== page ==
Saracens - A Man in Form: A closer look at Nick Tompkins

Feb 09, 2017

A Man in Form: A closer look at Nick Tompkins

We take a closer look at in-form centre Nick Tompkins. We ask academy graduate about his time at the club, how he’s enjoyed his red-hot start to 2017 and why he believes Saracens is the perfect place for a young player.

“Being at this club has been invaluable for me. It teaches you all about a positive culture, how to treat people and how a winning environment goes about its day-to-day business.” – Nick Tompkins

Nick Tompkins is a man in form. Two back-to-back Man of the Match awards, a pair of assured and impressive performances against some of the best centres in European rugby, the Saracens academy graduate is

The summer of 2016 saw Nick Tompkins excel for the England Saxons during their tour of South Africa.  Tompkins has been no stranger to representing his country at age-group level as he was a key member of England’s U20 Junior World Championship success in 2014 and helped the U20s to the final in 2015.

The personal milestones have continued as Nick made his 50th appearance for the club in Saracens’ 22-22 draw away to the Scarlets in January.  Up against Wales internationals Scott Williams and Jonathan Davies, Tompkins was pitting his wits against two of Europe’s finest centres and performed admirably.  A week later Tompkins produced a superb display against the behemoth sized Toulon centres, Ma’a Nonu and Mathieu Bastareaud in a performance his delighted director of rugby Mark McCall described as Tompkins’ ‘coming of age” moment. 

Since the glitz and glamour of two high-profile European Cup ties, Nick has continued to impress in the Anglo-Welsh Cup, picking up two Man of the Match awards in as many weeks against Scarlets and last weekend against Leicester Tigers. His form has not been lost on McCall.

“He’s an incredibly well-rounded and hard-working player and we hope he continues to improve,” said the Sarries director of rugby.

“Nick has been great for us, and he’s backed up two superb performances in the Champions Cup against Scarlets and Toulon with two Man of the match performances in the Anglo-Welsh Cup.”

Tompkins remains humble despite the effusive praise from McCall, pointing out that he still has huge scope to improve despite what many see as his breakthrough month at the Club.

“I didn't foresee playing so many games at this stage but I’m definitely happy with the way things have been going,” said Tompkins. “I know there’s a lot more to come and there’s more I need to do to improve. It’s good for my confidence and I’m really enjoying playing, that’s the most important thing.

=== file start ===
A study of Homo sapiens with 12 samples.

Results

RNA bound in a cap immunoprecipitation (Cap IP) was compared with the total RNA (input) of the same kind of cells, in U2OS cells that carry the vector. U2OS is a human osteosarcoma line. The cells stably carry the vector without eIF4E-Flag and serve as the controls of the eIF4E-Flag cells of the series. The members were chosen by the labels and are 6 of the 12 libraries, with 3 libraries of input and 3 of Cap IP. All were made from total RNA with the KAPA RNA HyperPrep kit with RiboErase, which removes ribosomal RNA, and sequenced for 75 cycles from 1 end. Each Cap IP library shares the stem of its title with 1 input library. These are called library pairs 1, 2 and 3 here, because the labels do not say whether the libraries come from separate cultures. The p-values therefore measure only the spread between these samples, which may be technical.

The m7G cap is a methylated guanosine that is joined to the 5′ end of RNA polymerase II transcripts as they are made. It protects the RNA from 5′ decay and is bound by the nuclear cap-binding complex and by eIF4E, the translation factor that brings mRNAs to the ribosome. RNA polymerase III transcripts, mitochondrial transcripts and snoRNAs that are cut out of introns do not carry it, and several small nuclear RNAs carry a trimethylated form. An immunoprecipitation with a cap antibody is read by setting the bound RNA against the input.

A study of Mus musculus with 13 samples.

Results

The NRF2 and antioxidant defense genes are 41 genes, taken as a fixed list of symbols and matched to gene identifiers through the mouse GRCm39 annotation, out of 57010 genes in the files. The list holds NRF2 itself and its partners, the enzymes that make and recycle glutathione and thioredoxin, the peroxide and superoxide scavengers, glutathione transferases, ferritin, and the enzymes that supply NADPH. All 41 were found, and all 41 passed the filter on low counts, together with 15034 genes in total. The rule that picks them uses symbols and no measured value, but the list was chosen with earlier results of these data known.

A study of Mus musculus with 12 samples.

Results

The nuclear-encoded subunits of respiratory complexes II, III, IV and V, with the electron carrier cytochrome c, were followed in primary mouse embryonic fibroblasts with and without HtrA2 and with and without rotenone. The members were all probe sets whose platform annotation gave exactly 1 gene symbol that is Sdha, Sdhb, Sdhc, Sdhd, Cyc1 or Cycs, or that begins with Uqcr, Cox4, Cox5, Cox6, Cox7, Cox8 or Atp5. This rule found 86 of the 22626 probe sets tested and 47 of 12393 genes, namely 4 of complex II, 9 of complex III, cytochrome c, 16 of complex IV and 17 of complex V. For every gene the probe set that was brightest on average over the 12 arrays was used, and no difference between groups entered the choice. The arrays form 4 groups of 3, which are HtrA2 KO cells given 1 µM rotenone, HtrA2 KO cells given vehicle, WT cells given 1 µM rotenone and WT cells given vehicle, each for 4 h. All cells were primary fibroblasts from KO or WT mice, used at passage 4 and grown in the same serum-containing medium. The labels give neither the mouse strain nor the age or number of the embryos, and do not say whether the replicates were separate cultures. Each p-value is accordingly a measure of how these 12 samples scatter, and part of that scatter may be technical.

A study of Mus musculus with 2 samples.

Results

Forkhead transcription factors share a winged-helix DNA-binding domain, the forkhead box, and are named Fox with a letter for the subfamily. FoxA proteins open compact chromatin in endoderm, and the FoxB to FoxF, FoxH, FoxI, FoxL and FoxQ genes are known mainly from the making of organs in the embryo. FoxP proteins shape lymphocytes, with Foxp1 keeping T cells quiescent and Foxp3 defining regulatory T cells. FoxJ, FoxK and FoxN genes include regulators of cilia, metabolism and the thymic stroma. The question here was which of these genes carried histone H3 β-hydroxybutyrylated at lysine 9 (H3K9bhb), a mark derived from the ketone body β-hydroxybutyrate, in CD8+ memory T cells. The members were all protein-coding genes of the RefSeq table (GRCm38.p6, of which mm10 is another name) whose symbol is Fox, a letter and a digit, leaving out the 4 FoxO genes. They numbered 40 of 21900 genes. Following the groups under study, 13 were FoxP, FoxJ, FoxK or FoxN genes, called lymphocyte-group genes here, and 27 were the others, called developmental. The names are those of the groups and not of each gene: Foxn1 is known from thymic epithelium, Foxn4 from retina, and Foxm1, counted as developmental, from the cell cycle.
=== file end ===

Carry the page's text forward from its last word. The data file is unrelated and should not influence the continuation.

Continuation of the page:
“For me, it’s now about learning the fine arts that maybe aren’t so obvious. I’m trying to learn from the people around me and learn the Saracens way. I’ve realised I can play at this level and do well, I just want to keep improving my defence and attack. I’m in a much better place now than I was a year ago, if you stop improving you get left behind.”

Nick’s grounded attitude is similar to his former England U20s sparring partner, Maro Itoje. As Maro’s stock continues to race to the summit of the game at a scorching pace Tompkins has continued to use his time at Saracens and most the Saxons to fine-tune his game. Has he suffered from impatience? Has he looked enviously at the likes of Itoje? No.  As an introspective young man, he reveals how his path to the senior set-up at Saracens has had its fair share of ‘set-backs’ and harsh lessons, but he reveals he couldn’t be happier with where he is currently honing his game.

“It’s been tough,” said Tompkins, “there’s been times where I’ve had to look at myself and ask, ‘am I doing the right things? Am I working hard enough? What things can improve on?’, but I’ve quickly realised that we (players) all have a little bit of that in us.

“When you’re in what we call ‘the bubble’ sometimes it can be a bit hard to take a step back and look further than the week-to-week, but it’s something I’ve learned over time to do.”

Tompkins needn’t look any further at some of his contemporaries who have blazed a trail from academy youngster to senior pro for inspiration. With Alex Goode, Will Fraser, George Kruis, Jamie George, Owen Farrell, Ben Spencer, Jackson Wray and most recently Maro Itoje showing the way, Tompkins is content with his current situation.

“It’s fascinating for me, coming from the academy, looking up to these guys from the beginning of the evolution we’ve been through as team. It’s just shows the hunger the whole squad has, that we demand better from each other and we know that we have to put the work in. The expectation (of what it means to be a Saracens player) is there but we don’t hold ourselves on the outcomes, we hold ourselves up to our performances.

“I think it has been invaluable for guys like Maro (Itoje) and Faz (Owen Farrell) for instance, as it instils a work-rate in you that you need in the modern era. Maro is pretty close to becoming the complete package as a player, but he’s had to work incredibly hard for that, same as Owen Farrell, an incredible amount of work behind the scenes goes on to get him to where he is which is one of the best players in the world. It rubs off on you, and inspires you to work as hard, to work on the little things to get you where you want to be.”